The world’s best surf town isn’t in Hawaii, Australia, Tahiti or America – it’s in Canada, and it’s wilder than all of them put together; grab your board and catch a wave with Craig Tansley in Tofino.
“Dude, the waves this morning were sick… overhead, just sick, man.”
The surfer with the oh-so-cliched surfer vernacular sipping at his green matcha tea latte is no teenager.
Nor he is blond, and his nose isn’t peeling right off his face, exposing another mess of life-long freckles.
And nor am I in southern California, the north shore of Oahu or Queensland’s Gold Coast.
No way – sooo far from it, dude. This bloke’s not a day under 70, and I’m in Canada. Yep, you heard me.
I’m in one of the surf world’s hippest surf towns – though it’s a hip surf town that everyone forgot to tell the rest of the surfing world about.
Here, folk still call each other ‘dude’ without a hint of irony, the radio DJ tells us we’re ‘surfing the radio waves with Long Beach Radio’, surfers scream at me in the line-up – not to scare me off their waves, but to invite me to share – and a singer at a bar one night tells the crowd not to applaud, that he’s happy anyway, because “I got some good waves today”.
In a country more famed for its skiing merits, Tofino – on Vancouver Island’s rugged west coast – shouldn’t belong.
Only when I paddle out for my first surf and feel the chill creep into every nerve ending in my body, do I remember where I am (oh, and the baby sea lion that plays with me between waves isn’t something I’m used to at home either – or the tales of the occasional cougar on the beach).
Tofino is, hands down, the prettiest surf town on this planet.
I grew up in Byron Bay, but for sheer viewing pleasure, Tofino tops even Australia’s most iconic surf mecca.
There is, however, something about Tofino that reminds me of the Byron of my childhood, long before the hour-long traffic jams into town.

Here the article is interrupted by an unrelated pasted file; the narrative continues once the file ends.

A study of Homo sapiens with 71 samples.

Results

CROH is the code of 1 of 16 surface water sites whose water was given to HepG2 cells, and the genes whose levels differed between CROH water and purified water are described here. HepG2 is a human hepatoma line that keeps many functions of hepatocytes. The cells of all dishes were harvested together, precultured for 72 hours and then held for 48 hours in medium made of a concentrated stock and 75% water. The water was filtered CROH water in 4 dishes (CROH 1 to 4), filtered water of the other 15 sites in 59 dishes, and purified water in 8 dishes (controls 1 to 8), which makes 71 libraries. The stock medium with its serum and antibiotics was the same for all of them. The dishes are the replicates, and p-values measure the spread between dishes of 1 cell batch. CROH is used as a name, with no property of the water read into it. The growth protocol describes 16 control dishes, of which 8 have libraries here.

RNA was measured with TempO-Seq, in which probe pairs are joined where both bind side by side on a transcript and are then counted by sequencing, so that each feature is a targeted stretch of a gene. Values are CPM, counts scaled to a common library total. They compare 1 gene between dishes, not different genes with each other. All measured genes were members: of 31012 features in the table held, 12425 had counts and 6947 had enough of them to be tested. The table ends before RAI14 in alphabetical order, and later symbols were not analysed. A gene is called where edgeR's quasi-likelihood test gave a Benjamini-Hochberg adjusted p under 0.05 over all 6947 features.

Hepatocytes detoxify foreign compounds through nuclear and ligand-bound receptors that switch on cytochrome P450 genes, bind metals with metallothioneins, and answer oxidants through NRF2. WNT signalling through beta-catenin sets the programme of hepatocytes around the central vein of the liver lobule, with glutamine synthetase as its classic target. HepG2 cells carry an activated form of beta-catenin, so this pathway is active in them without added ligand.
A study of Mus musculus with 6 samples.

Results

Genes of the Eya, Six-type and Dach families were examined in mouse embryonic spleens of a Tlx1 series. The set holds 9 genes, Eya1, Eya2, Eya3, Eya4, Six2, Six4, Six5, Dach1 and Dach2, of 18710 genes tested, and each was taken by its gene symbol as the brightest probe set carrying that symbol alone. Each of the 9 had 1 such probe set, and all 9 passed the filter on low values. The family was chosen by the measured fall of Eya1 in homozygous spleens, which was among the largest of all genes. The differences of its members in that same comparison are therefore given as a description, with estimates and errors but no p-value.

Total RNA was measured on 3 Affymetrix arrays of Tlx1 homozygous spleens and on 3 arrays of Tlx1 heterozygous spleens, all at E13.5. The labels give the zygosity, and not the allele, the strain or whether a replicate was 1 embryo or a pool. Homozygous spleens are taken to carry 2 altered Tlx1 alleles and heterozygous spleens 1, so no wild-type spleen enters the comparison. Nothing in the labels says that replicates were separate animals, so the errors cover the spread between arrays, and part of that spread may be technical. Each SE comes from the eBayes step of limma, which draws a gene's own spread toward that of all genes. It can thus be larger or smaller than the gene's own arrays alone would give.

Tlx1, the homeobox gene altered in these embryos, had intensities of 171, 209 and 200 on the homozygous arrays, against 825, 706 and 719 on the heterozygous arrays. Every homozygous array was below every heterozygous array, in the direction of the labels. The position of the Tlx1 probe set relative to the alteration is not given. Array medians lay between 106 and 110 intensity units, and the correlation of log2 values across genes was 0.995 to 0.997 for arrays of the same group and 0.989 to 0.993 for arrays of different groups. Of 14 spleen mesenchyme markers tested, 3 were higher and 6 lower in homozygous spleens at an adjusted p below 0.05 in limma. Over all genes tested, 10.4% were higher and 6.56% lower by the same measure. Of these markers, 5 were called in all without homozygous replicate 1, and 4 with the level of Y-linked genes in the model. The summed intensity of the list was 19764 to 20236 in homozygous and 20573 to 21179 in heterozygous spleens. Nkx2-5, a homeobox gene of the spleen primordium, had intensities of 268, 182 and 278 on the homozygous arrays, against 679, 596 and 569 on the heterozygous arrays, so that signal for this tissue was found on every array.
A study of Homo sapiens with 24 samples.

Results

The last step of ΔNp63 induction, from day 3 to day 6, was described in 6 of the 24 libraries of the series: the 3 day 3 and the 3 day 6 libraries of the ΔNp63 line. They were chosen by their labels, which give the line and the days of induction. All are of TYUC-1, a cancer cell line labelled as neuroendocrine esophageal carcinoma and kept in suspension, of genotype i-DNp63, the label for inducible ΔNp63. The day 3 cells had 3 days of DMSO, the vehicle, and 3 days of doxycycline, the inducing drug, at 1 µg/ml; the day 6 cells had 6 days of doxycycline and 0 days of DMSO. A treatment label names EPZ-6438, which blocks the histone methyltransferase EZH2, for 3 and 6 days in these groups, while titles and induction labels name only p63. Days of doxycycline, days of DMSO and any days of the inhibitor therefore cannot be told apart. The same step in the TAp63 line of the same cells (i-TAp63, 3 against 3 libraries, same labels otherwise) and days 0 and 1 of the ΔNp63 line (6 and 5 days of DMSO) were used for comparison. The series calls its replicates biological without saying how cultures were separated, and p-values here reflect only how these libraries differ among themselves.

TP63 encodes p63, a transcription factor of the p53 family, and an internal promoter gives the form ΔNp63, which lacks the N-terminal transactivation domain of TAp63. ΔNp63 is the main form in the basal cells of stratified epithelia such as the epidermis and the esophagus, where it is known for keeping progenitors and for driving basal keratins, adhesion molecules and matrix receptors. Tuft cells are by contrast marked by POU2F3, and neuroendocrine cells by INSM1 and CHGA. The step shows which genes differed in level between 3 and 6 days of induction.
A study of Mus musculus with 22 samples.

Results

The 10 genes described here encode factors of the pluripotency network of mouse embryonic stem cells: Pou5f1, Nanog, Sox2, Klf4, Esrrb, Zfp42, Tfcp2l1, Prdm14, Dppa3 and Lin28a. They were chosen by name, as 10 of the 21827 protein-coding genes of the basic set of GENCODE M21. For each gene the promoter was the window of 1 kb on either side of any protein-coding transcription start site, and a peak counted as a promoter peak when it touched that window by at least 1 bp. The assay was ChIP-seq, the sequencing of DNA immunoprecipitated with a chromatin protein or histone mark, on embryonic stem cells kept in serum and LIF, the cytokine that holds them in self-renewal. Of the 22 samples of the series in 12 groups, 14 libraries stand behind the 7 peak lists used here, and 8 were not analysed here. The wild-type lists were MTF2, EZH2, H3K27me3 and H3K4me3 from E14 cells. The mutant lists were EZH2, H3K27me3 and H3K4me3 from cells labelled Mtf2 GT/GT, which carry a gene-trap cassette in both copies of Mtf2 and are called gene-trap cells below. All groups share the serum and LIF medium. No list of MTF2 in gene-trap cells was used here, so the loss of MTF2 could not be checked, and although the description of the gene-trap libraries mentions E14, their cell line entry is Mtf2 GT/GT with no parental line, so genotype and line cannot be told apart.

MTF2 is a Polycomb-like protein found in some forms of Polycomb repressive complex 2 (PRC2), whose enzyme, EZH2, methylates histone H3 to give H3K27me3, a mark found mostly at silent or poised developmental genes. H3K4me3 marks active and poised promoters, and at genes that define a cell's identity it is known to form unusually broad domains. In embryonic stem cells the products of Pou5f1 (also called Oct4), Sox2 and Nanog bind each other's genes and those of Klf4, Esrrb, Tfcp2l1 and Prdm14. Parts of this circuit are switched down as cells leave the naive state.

Tofino is spread across one of Canada’s wildest national parks, on Canada’s wildest coastline.
A couple of decades ago, the town was only connected to the rest of Canada by a dirt and gravel road that only the brave dared cross in winter.
Perhaps that’s why the town feels like it’s caught in a time warp, calling from a far more innocent era.
There’s hippies here who still think it’s 1973, cafes in town only serve organic fare and there’s folk still hiding out in the forest around town from the Vietnam war draft.
“I call this place Never-Never Land,” my septuagenarian surfer pal tells me.
“Maybe it’s the water, I don’t know, but everyone around here carries on like they’re still 18.”
There’s so much more to this surf town than its surf, too. On the opposite edge of town, the UNESCO Biosphere Reserve protected Clayoquot Sound runs beside Tofino.
Yachts and fishing boats travel back and forth across it, and most days the air above buzzes with seaplanes.
I’m intrigued as to where they take you, so on a perfectly still summer morning, I climb aboard one of them.
We fly across the sound, circling low to watch grey whales in the shallows, then land on the water beside an old-growth forest where I walk for 30 minutes amongst centuries-old cedars till I reach volcanic hot springs at the inventively named Hot Springs Cove.
I sit with a handful of travellers, switching hot pools looking for the temperature I prefer (they range from 50 to 100 degrees Celsius). There’s no sulfur smell at all, instead I sit breathing in the smell of damp forest beside me.
On the other side, I look out to the sea where a pod of grey whales swim past.
Next day I take a boat tour to watch black bears in the forest beside Clayoquot Sound, while on another afternoon I kayak along the calm water beside sea otters chewing on floating logs, and beside harbour seals that duck and weave around me.
When they first surface I’m stricken with panic, confusing them for orcas which occasionally come into the sound.
In the 1990s, Tofino was the setting for the largest environmental protests in Canada’s history. Together, the community banded together to stop the logging industry felling the old-growth forests beside town.
As I settle into the rhythm of Tofino, I swear I still feel the pride in that victory.
It’s obvious how precious these forests are to everyone who lives here – each day they’re picnicking by the sound, or fishing from their sturdy little boats as bald eagles circle in the sky, or watching the sun set across the water from the back decks of their timber homes.
It’s in these moments that I dread leaving Tofino the most. I hate the idea of checking out of the world’s best surf town – because it’s the surf town that barely a surfer on the planet knows a thing about.